A well-balanced, well-attenuated, bitter yet malty, clean, and smooth, amber- to copper-colored German beer. The bitterness is balanced by the malt richness, but the malt intensity and character can range from moderate to high (the bitterness increases with the malt richness).
The color ranges from light amber to deep copper color, stopping short of brown; bronze-orange is most common. Brilliant clarity. Thick, creamy, long-lasting off-white head.
Assertive hop bitterness well balanced by a sturdy yet clean and crisp malt character. The malt presence is moderated by medium-high to high attenuation, but considerable rich, complex, and somewhat grainy malt flavors can remain. Some fruity esters (especially cherry-like) may survive the lagering period. A long-lasting, medium-dry to dry, bittersweet or nutty finish reflects both the hop bitterness and malt complexity. Spicy, peppery or floral hop flavor can be moderate to low. No roasted malt flavors or harshness. The apparent bitterness level is sometimes masked by the malt character; the bitterness can seem as low as moderate if the finish is not very dry. Light sulfury or minerally character optional.
Clean yet robust and complex aroma of grainy-rich malt and spicy hops with restrained (low to medium-low) fruity esters. The malt character reflects German base malt varieties, with rich baked bread and nutty-toasty bread crust notes. The hop aroma may vary from moderate to low, and can have a peppery, spicy, floral, herbal or perfumy character associated with Saazer-type hops.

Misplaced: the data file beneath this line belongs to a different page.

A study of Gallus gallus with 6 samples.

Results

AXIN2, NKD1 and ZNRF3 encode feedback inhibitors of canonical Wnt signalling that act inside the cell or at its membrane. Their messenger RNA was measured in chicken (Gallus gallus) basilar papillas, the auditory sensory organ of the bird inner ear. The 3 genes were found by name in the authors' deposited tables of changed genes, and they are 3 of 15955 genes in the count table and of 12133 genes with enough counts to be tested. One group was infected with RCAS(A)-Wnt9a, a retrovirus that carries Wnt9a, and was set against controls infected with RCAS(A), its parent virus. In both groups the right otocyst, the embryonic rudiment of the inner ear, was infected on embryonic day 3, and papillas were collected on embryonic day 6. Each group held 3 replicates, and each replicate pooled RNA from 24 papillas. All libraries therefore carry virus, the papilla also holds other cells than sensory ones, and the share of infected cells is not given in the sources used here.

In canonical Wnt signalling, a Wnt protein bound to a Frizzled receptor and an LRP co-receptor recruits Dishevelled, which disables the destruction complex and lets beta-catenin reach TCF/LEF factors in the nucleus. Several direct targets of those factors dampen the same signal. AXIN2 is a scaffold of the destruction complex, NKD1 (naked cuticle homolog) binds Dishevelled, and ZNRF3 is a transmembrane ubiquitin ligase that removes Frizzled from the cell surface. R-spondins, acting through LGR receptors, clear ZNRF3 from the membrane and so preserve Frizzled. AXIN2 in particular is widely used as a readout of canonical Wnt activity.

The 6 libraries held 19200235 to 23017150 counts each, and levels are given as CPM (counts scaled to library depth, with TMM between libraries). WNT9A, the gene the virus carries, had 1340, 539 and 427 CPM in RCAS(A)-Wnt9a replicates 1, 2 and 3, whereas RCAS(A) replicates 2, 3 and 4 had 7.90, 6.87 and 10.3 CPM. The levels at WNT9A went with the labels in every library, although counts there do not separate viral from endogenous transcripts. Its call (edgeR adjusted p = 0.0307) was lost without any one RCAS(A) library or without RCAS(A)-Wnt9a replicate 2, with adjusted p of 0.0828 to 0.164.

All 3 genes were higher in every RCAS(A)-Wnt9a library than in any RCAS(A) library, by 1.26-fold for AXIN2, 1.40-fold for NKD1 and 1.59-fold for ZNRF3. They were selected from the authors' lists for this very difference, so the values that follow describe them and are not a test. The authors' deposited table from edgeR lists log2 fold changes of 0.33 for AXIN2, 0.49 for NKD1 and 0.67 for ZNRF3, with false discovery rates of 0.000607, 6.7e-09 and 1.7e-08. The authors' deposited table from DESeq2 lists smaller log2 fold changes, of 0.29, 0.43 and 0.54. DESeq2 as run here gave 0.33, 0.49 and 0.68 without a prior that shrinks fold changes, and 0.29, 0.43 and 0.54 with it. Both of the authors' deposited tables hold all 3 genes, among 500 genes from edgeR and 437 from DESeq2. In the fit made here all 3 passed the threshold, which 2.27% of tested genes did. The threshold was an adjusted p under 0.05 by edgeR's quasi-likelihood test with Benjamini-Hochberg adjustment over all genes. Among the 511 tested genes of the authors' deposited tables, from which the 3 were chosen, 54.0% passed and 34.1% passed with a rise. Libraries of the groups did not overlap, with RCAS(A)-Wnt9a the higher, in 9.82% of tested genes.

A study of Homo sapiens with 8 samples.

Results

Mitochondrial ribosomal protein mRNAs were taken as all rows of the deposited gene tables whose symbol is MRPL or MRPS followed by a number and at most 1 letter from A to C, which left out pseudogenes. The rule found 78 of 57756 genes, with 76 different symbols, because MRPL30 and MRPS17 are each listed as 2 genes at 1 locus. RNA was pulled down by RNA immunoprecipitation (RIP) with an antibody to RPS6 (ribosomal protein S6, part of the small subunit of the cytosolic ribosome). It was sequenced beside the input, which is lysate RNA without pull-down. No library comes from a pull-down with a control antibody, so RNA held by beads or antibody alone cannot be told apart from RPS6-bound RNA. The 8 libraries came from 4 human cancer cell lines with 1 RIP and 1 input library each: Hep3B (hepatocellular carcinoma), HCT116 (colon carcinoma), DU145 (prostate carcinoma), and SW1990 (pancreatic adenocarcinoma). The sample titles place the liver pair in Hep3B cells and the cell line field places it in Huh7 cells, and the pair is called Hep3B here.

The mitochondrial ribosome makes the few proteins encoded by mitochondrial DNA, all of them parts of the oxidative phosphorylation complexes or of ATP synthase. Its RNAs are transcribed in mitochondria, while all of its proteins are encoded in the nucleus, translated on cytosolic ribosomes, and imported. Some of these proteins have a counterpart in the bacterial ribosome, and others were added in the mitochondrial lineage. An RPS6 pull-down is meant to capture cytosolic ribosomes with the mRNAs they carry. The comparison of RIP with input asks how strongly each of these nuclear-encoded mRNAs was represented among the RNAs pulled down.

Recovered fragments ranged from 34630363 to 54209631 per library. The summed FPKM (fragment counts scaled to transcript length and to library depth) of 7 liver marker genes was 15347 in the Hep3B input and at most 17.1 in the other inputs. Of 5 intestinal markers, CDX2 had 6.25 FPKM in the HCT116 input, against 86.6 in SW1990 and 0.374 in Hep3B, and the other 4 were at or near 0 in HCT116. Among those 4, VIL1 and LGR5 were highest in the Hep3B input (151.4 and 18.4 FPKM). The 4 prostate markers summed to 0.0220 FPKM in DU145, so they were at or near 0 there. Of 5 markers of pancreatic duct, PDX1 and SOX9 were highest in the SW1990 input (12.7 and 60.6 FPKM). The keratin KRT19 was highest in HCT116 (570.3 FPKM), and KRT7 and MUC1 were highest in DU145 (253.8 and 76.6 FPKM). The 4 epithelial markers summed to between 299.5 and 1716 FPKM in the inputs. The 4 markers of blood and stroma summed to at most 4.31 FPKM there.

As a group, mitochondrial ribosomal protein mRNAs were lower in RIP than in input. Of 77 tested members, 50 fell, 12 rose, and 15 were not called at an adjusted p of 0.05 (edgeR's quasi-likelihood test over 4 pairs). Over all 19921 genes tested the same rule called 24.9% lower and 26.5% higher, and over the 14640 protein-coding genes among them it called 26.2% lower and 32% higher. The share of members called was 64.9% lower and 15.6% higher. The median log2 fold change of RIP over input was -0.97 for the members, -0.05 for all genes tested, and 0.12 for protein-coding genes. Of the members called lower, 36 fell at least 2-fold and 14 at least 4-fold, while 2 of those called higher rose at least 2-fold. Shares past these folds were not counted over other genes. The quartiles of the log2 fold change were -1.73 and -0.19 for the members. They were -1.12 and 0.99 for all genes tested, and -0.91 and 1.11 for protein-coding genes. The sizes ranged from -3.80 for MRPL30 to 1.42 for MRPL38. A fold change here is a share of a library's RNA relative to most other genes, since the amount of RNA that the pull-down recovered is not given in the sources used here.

Medium-bodied. Smooth. Medium to medium-high carbonation, although can be lower when served from the cask. Astringency low to none. Despite being very full of flavor, is light-bodied enough to be consumed as a gravity-fed session beer in its home brewpubs in Düsseldorf.
A top-fermented lagered beer, fermented at cool ale temperature (59-68 °F), often conditioned at bottom-fermentation temperatures (about 50 °F) and then lagered at cold temperatures to produce a cleaner, smoother palate than is typical for most ales. Zum Uerige is a wonderful beer, but much more aggressively bitter and complex than most other German examples. It may be like the Fuller’s ESB of the strong bitter category - well-known but somewhat of a stylistic outlier. Do not judge all Altbiers as if they were Zum Uerige clones; allow for a more balanced bitterness in the beer (25-35 IBUs is more typical for most other German examples). Stronger sticke and doppelsticke beers should not be entered here.
The traditional style of beer from Düsseldorf. “Alt” refers to the “old” style of brewing (i.e., using top-fermenting yeast) that was common before bottom-fermenting lager brewing became popular. Predates the isolation of bottom-fermenting yeast strains, though it approximates many characteristics of bottom-fermenting lager beers. Many of the classic examples can be found in brewpubs in the Altstadt (“old town”) section of Düsseldorf.
Grists vary, but usually consist of German base malts (usually Pils, sometimes Munich) with small amounts of crystal, chocolate, and/or black malts used to adjust color. Occasionally will include some wheat, including roasted wheat. Spalt hops are traditional, but other Saazer-type hops can also be used. Clean, highly attenuative ale yeast. A step mash or decoction mash program is traditional.
More bitter and malty than international amber lagers. Somewhat similar to California Common, both in production technique and finished flavor and color, though not in ingredients.